Most know Elson S. Floyd as the president of WSU, but many are unaware of his other university job.
For the past nearly three years, Floyd has moonlighted as the de facto chief executive officer of the WSU Foundation, the university’s private donor fundraising operation. And he’s done so for not even a single penny.
Floyd took over the position when previous CEO Brenda Wilson-Hale left WSU for another job in May 2010 during the thick of the state’s fiscal crisis as mounting budget cuts continued to hammer higher education.
From 2008 to 2011, the university lost roughly 30 percent of its state funding support. Along with it came the elimination of three academic programs, 1,080 courses and 517 jobs from WSU, according to the university’s Budget Office.
Since 2008, the university has cut more than a dozen positions from the WSU Foundation, said foundation spokesman Trevor Durham in an email to The Daily Evergreen. Seven occurred in WSU’s initial round of reductions in 2008, and the rest were from attrition, Durham said.
In light of the drastic cuts, Floyd decided not to spend money on a replacement for Wilson-Hale. Instead, the foundation moved forward with Floyd at the helm, overseeing the direction of the organization while a team of foundation leaders carried out the day-to-day fundraising operations.
“This is not a permanent solution,” Floyd said. “But given the fiscal realities, given the budget reductions I’ve had to deal with and the fact that we’ve met or exceeded our fundraising goals, it’s working.”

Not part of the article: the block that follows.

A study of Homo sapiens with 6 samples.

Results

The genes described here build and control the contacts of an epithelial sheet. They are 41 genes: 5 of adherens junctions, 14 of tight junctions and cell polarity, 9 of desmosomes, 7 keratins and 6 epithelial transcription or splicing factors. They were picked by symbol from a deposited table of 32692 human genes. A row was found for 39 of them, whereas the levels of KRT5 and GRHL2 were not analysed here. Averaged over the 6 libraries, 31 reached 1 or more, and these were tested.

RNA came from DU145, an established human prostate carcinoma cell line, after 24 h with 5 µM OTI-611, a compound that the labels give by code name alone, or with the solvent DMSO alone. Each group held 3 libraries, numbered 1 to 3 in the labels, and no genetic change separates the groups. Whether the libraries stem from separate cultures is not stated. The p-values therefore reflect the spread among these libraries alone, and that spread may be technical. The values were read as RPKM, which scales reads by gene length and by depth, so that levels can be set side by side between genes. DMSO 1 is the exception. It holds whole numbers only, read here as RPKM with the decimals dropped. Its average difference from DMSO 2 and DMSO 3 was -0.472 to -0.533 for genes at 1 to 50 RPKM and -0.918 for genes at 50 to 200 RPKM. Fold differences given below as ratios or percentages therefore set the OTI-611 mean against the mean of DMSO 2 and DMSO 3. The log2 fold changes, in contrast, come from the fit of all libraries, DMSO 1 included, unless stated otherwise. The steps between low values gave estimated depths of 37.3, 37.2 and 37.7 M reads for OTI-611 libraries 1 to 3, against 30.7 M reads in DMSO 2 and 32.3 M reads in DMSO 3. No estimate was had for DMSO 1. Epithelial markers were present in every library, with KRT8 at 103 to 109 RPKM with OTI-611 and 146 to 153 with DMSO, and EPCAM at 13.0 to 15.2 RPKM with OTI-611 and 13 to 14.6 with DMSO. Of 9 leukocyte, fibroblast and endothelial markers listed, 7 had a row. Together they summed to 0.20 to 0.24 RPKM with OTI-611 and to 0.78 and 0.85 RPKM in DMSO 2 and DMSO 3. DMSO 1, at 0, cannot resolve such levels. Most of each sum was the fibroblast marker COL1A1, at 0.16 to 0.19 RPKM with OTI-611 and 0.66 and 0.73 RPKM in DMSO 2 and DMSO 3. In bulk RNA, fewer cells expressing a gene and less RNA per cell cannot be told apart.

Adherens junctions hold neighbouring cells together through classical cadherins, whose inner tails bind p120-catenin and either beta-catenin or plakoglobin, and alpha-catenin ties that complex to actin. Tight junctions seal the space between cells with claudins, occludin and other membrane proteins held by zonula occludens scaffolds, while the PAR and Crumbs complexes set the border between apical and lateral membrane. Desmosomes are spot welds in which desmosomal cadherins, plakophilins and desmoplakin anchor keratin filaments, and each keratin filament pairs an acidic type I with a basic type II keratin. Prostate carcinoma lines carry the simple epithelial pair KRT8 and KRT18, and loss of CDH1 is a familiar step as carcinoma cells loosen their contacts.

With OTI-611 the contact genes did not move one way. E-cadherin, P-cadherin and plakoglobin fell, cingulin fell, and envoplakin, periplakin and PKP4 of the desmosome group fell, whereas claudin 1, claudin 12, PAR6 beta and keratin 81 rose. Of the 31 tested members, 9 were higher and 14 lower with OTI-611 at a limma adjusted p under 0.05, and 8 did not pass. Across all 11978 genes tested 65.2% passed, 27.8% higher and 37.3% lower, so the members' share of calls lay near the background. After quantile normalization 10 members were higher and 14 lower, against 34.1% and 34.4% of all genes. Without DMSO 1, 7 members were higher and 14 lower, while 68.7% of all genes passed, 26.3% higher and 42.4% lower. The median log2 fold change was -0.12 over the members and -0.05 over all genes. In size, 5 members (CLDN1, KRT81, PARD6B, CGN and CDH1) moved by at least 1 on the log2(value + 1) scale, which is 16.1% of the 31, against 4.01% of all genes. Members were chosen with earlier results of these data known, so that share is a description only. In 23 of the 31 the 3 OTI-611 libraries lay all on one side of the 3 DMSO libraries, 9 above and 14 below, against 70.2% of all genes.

Since Wilson-Hale left, the organization has raised more than $292 million, Durham said. All the while, the foundation has operated under a smaller budget that remains $1.6 million short of its 2008 level.
By December, the foundation had picked up $758.1 million from donors, inching closer to its $1 billion fundraising goal with the Campaign for Washington State University – Because the World Needs Big Ideas. The campaign launched in 2006 and sits about $34 million ahead of pace as its 2015 end date approaches, Durham said.
“This has been a difficult economy to work in, but I think we’re going to be successful,” he said. “We’ve got a very energized alumni base that wants to help students and faculty at WSU and seize the grander picture of what WSU means to the state and beyond.”
The foundation’s leadership team consists of about seven people and remains in near-constant contact with Floyd as he carves out time in his busy schedule to meet with donors and potential donors. And the team works behind the scenes to make sure Floyd is successful when he meets with donors to secure gifts, Durham said.
Floyd also regularly meets with the boards of Trustees and Governors, both of which perform significant fundraising roles within the foundation. Some of his responsibilities as de facto CEO – like interfacing with these two boards – would actually fall to him anyway, he said.
“There are some gifts that only the president can close,” Floyd said. “So, in some ways, it’s just simply a further augmentation of what I do as president.”
In the long run, the foundation will need a new CEO, he said. But Floyd is in no rush to fill the position at the moment.
“We’re probably much more efficient than any other foundation in the country,” Floyd said.
Now, as the sunset of the Campaign for Washington State University grows near, administrators are looking at strategies for their next big fundraising effort. But at this point, it’s too early to speculate about what areas the next campaign will emphasize, Floyd said.
“After we finish this campaign, we’re going to all catch our breath and sort of regroup,” he said. “There will be a huge celebration, of course. And after some time of reflection, we will begin to plan for the next campaign.”